When Amar Tailor's son came home from his first day of kindergarten Aug. 27, he said the five-year-old appeared sweaty and exhausted.
Townsend resident Kristi Lester said that her two middle school aged children stood at the bus stop for more than an hour Sept. 5.
Several parents across the Appoquinimink School District have made similar observations since school restarted just a few weeks ago, mainly directed at the Wilmington based bus company Advanced Student Transportation, which is contracted by the Appoquinimink School District.
"My son now tells me that he doesn't like to ride the bus because he gets all sweaty," Tailor said.
The Middletown Transcript contacted Advanced Student Transportation Sept. 6 and was told by two different employees that the company had no comment about the situation.
The employees would not give their names.
Lester said that her children are supposed to be picked up between 6:10 and 6:20 a.m., but at 7:15 a.m. Sept. 6, again, no bus had arrived.
Like other parents, she had to drive her kids to school.
The Lester children aren't the only ones waiting for long periods of time at the bus stops.
Some parents have said that their kids' buses have arrived more than an hour late on some days.
The school district is working on fixing the problem, said transportation supervisor Gregg Tulowitzky.
Some of these issues can be attributed to a loss of nearly half a million dollars in state money.
The district lost nearly $500,000 in state funding this year, which has affected its transportation department, he said.
"As a result in the reduction of state funding, it was critical to maximize the efficiency of our bus routes," Tulowitzky said.
The district's 46 bus routes are handled by outside contractors, including McCain and Advanced Student Transportation.
Thirty-four of the routes have been contracted to Advanced Student Transportation. The company needed to have 30 drivers on hand to serve the Appoquinimink School District, but only got 17; so they had to fill the rest of the positions with substitutes or brand new drivers.
"For now, they're using Wilmington operation drivers until their Middletown drivers are trained and licensed," Tulowitzky said.
Some of these newer or transplanted drivers either did not know the area or were driving their routes in Appoquinimink for the first time in August, which is why they may have gotten lost, he said.
"Almost half of the drivers are either brand new to the company or to the area," Tulowitzky said, " and that combined with new routes and so many things happening this summer – it was like the perfect storm for a lot of complaints."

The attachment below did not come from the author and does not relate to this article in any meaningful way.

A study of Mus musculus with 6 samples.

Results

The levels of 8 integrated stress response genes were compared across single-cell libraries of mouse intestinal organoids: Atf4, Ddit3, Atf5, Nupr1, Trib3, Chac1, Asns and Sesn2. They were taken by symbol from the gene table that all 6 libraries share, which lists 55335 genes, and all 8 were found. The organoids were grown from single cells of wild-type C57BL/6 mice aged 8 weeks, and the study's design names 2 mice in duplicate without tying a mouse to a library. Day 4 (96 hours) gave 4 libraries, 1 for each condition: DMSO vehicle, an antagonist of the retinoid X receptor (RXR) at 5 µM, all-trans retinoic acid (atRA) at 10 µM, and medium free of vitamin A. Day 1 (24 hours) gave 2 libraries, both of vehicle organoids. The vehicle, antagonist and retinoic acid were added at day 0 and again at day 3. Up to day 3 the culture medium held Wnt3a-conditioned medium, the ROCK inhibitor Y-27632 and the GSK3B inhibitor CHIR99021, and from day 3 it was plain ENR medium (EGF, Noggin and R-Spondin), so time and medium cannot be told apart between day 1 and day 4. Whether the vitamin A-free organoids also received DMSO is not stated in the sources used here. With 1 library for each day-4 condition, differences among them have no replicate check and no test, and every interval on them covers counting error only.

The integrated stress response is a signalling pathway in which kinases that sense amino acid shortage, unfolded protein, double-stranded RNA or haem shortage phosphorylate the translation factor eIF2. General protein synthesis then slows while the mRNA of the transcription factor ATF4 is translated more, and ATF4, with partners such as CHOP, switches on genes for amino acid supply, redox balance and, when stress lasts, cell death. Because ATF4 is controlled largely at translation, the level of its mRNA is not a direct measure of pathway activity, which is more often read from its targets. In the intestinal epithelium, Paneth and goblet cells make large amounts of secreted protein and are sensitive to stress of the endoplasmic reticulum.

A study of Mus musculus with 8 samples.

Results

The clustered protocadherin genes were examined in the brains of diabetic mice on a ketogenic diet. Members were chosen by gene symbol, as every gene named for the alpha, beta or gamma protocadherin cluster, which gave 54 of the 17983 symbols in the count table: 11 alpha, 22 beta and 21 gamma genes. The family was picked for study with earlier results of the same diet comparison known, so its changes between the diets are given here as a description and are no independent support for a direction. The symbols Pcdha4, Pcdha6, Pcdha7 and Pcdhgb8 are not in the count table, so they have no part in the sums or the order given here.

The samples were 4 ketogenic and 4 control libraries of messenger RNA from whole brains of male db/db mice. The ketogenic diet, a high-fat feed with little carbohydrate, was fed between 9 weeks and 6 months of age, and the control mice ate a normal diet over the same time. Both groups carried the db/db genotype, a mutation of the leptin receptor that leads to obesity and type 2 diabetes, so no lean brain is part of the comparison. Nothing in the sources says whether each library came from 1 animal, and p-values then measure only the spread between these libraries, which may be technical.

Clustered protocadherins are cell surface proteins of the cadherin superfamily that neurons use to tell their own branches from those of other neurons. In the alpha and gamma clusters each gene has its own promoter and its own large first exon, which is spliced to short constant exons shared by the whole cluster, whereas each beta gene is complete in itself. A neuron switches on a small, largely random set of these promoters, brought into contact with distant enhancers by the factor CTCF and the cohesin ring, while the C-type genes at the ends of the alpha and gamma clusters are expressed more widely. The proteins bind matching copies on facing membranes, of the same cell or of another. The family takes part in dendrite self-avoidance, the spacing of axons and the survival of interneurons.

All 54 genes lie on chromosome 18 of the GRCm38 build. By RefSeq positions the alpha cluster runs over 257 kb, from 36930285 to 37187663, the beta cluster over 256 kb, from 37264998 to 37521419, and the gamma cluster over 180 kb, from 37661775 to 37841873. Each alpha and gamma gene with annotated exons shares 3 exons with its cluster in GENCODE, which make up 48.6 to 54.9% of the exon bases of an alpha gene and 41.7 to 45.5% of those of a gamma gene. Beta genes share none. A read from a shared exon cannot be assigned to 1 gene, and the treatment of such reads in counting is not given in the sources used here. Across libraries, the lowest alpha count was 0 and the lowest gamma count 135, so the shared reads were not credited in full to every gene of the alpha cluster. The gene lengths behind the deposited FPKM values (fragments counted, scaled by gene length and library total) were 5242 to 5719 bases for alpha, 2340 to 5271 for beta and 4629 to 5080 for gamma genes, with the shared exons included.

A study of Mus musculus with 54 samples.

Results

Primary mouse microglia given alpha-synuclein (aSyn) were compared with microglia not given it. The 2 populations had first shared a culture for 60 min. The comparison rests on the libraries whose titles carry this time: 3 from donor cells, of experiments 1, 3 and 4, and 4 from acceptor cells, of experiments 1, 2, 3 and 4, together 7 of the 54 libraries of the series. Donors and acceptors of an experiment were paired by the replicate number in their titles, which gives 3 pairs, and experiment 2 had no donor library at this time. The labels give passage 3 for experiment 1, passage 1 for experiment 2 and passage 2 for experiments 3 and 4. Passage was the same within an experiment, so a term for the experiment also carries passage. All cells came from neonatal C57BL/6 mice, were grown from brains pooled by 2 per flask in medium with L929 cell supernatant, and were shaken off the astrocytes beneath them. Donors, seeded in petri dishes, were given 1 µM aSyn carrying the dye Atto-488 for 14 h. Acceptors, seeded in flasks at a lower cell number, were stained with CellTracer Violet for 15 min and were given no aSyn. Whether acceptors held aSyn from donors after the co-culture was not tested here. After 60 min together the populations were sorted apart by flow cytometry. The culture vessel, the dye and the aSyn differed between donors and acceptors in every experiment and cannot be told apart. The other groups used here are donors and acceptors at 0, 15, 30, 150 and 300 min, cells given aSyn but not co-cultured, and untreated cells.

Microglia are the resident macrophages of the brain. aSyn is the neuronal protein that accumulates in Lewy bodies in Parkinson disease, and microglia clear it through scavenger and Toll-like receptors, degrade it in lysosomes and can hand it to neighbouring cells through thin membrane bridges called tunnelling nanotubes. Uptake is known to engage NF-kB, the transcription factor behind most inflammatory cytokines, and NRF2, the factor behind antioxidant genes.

Page 2 of 3 - Some parents have also noticed that the buses are more crowded than in previous years.
On the first day of school this year, Ruth Tucker said that she pulled her triplets off of the bus because it was so crowded when they got on and that they were unable to find seats.
"The bus driver drove away with them still standing up," she said. "They were still standing by the next stop."
State law allows buses transporting students from kindergarten through the sixth grade to seat up to 72 students, Tulowitzky said.
This means seating three to a seat.
There are more than 150 more students in the district this year than last year.
In previous years, most buses transported around 35 kids per route, but with the district's growth and the cuts in funding, routes have had to be conjoined.
"As a result of having more riders on each route, the ride time for routes has grown longer," Tulowitzky said. "However, no bus is scheduled to have students riding longer than 60 minutes."
This was something that Tailor said bothered him.
Tailor, who lives in the Estates at Dove Run, said that his son's school is about two miles from their home, but the bus ride is 45 minutes each way.
"I hardly think it is fair for children to have such a long bus ride," he said.
When the children came home and told about their experiences riding the school buses, some parents became even more concerned.
"All of the children were threatened with write ups if they did not 'get their feet out of the aisle'," Tucker said. "However that could never happen with such a crowded bus."
Tucker said that some of the children have come home saying that the driver speed and use their cell phones behind the wheel, but that she hasn't seen it for herself.
The contract with Advanced Student Transportation was approved in July by the district's Board of Education.
"[Advanced Student Transportation] got the last buses in the week before school started," Tulowitzky said. "A lot of them were spare buses, and not brand new. It wasn't possible to get 34 new buses in two months time. They did everything they could."
The first day of school was a tough opening, Tulowitzky said. Three elementary school students got on the wrong buses, but fortunately made it home safely.
There have been problems with McCain too, he said.
One bus broke down and another was involved in a crash the first day of school. There were three reported injuries in the accident Aug. 27 near Noxontown Road.
Page 3 of 3 - "Our number one key is safety," Tulowitzky said.
He also said that complaints some have made about new bus stop locations district wide will be reviewed next week and addressed as quickly as possible.